There is an industrial beauty to the Northern port town of Hartlepool. Container cranes and offshore turbines jut into the clouds as seabirds wheel on. Their steel artifice contrasts with the waterfront homes done up in those pastel colours obligatory for waterfront homes the country over. Small personal craft litter the waters, dwarfed by shipping giants. You can almost smell the brisk sea breeze coming off of the screen, tinged with the volatile tang of diesel.
A pretty scene isn’t nearly enough to survive on, though. Panning the camera just a little reveals the battered estates of a people left behind. A field of terraced houses where the only possible growth is that of the untended backyards. This is the true Hartlepool, a town where some zones have reached depressingly high child poverty rates of almost 50%. It is the setting of Looted, a grim drama that follows a day-in-the-life of Rob (Charley Palmer Rothwell), bent and nearly broken by a failing system. Single carer of his mortally ill father and not a whiff of gainful employment in this post-industrial British heartland. He’s no longer even close to ‘just about managing’ and judging from the news this an increasingly familiar scenario.
There is some joy to be eked from the concrete sprawl: bag of cans with the lads, spliff, kicking a footie against disused warehouses. The film opens with Rob and friends boosting a random car before tooling around the area, blasting choons and yelling at passersby. Here, the ready camaraderie between Rob and lifelong pal Leo (Thomas Turgoose) is evident from the off. Tommy T is almost exclusively known for his apprenticeship under Shane Meadows, in Somers Town (2008), This Is England (2006) and the serialised sequels thereof. A lot of Shane Meadows’s DNA is present in Looted, particularly in its easy, believable banter. Indeed, fast-talking, cheeky chappy Leo isn’t a million miles away from Turgoose’s roles therein, albeit with a much slyer edge and a quick-to-anger small man syndrome bubbling under the surface. He is the friend your parents wish you hadn’t made. It is Leo who brokers the dealing of the jacked car and then goads Rob into accompanying him on a bigger, ill-advised job that same night.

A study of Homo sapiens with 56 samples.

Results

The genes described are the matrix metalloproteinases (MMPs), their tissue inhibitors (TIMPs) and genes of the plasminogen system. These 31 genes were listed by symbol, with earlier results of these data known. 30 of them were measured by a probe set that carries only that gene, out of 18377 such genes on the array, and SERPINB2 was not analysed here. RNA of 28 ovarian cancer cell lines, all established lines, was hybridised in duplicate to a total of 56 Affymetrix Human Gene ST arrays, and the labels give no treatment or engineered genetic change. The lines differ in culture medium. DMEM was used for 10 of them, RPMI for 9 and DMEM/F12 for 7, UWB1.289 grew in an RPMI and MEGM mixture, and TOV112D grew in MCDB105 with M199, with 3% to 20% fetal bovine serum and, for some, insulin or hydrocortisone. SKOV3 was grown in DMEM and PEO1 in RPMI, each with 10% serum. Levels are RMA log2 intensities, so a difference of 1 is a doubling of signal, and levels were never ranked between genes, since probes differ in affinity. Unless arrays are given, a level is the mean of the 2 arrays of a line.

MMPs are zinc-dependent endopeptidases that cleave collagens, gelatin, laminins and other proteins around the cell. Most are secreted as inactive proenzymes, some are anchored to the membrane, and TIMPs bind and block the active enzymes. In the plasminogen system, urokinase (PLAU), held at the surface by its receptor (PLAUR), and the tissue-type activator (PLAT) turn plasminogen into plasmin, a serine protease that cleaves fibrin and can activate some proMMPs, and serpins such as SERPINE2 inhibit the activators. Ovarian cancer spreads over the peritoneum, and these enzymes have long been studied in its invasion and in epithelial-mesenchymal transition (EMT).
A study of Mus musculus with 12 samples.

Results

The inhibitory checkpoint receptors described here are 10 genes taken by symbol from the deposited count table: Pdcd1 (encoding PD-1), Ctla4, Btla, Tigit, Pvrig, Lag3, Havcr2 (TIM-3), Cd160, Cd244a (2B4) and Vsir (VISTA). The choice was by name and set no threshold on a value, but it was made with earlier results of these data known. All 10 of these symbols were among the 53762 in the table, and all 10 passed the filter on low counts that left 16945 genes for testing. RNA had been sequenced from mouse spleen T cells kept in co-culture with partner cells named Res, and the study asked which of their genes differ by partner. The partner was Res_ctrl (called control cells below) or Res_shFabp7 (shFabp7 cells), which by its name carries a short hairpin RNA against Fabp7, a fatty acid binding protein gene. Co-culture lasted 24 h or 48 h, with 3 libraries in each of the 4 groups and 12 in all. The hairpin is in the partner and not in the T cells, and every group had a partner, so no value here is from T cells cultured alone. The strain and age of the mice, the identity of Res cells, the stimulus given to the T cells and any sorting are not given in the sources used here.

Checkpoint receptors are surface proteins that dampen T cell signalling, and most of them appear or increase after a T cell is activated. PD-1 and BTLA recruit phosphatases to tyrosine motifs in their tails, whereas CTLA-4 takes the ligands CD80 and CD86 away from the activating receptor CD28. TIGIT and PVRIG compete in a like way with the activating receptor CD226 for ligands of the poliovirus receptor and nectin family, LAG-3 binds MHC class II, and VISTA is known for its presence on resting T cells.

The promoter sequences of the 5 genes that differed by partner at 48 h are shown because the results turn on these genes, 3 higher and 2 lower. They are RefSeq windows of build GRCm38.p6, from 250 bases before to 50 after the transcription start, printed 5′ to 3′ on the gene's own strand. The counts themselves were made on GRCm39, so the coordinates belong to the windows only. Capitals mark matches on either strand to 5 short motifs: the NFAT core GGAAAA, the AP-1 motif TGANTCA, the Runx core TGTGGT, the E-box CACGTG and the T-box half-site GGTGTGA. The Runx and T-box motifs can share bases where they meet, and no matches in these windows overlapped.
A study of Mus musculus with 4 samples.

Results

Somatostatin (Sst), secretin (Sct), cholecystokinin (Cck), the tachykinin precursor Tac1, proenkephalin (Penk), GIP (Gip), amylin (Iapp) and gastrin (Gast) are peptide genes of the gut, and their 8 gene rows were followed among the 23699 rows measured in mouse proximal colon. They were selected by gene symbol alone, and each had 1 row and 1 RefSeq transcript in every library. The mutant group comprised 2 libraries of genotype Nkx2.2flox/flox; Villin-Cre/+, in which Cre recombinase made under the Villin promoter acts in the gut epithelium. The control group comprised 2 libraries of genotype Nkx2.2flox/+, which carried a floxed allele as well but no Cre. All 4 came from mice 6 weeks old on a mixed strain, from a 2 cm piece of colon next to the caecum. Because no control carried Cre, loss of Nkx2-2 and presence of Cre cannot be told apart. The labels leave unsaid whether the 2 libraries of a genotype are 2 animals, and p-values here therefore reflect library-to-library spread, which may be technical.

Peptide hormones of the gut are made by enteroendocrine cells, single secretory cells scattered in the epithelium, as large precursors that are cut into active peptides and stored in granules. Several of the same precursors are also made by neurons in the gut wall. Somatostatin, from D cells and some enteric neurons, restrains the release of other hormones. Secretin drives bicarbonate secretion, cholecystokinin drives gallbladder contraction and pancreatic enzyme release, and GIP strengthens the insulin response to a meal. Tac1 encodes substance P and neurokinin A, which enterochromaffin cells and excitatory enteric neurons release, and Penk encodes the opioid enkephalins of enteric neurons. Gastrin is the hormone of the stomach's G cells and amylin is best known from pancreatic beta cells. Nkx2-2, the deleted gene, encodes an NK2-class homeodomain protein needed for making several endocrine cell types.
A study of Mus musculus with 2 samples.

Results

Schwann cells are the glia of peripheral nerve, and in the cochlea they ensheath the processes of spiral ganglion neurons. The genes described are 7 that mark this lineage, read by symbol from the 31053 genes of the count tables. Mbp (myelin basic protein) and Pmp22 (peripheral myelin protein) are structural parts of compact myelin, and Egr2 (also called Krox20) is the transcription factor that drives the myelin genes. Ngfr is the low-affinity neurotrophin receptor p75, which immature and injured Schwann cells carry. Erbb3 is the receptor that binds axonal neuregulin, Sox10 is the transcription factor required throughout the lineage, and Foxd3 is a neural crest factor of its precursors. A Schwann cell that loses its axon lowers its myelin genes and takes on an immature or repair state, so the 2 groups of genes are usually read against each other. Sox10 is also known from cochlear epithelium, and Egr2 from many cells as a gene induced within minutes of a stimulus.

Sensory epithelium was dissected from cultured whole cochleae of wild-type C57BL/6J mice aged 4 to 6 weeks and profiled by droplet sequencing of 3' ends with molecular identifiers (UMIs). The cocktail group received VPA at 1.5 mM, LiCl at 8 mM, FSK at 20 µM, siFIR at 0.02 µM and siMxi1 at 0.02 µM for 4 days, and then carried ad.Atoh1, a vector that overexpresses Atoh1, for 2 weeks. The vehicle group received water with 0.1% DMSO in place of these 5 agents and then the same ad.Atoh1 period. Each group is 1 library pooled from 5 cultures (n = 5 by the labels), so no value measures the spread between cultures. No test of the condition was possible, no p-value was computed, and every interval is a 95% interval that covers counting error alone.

It’s quickly clear that there are few options open. Father Oswald is bed-ridden, staking all hope on a compo claim for his illness, contracted in the line of work at the very same port Rob and Leo are due to infiltrate. Looking for all the world like The Pogues’ Shane McGowan in his emaciated, twilight years (see Julien Temple’s Crock Of Gold, which premiered two months ago in San Sebastian), Oz extols the virtues of his life at sea, recalling rum-sloshed nights on far off coasts, piña coladas. The shipworkers union is no longer answering his calls. Rob is working double time to hide this news behind a veneer of falsified job interviews, helping Oswald to bathe, eat and shit. Their relationship is increasingly strained and it is clear that, despite Rob’s outward affability, he is not okay. Here, Palmer Rothwell is a revelation. From the accent to the defeated bearing, the bloodshot stoner eyes and disheveled formalwear… It is a powerhouse performance in the large and small moments alike and hopefully Looted gets a strong enough reception to place him in the awards conversation.
The same goes for debut feature director Rene van Pannevis. Cards on the table, the story of Looted is timely and urgent but also the kind of premise that makes for the bread and butter of hour-long ITV specials. For John and Karen Smith to catch on Sunday with their chippy tea, fodder for a quick coffee break chat on Monday (“Isn’t it just awful, the state of things!”), before forgetting all about it and returning to voting Tory and Brexit. Yet, there are plenty of contemporary flourishes in the sound design and cinematography that push Looted to greater heights. Here’s to hoping for more vital stories of Broken Britain from van Pannevis – there’s certainly enough to go around.
Looted is on Sky Cinema and NOW on Monday, July 12th. Also available on other platforms.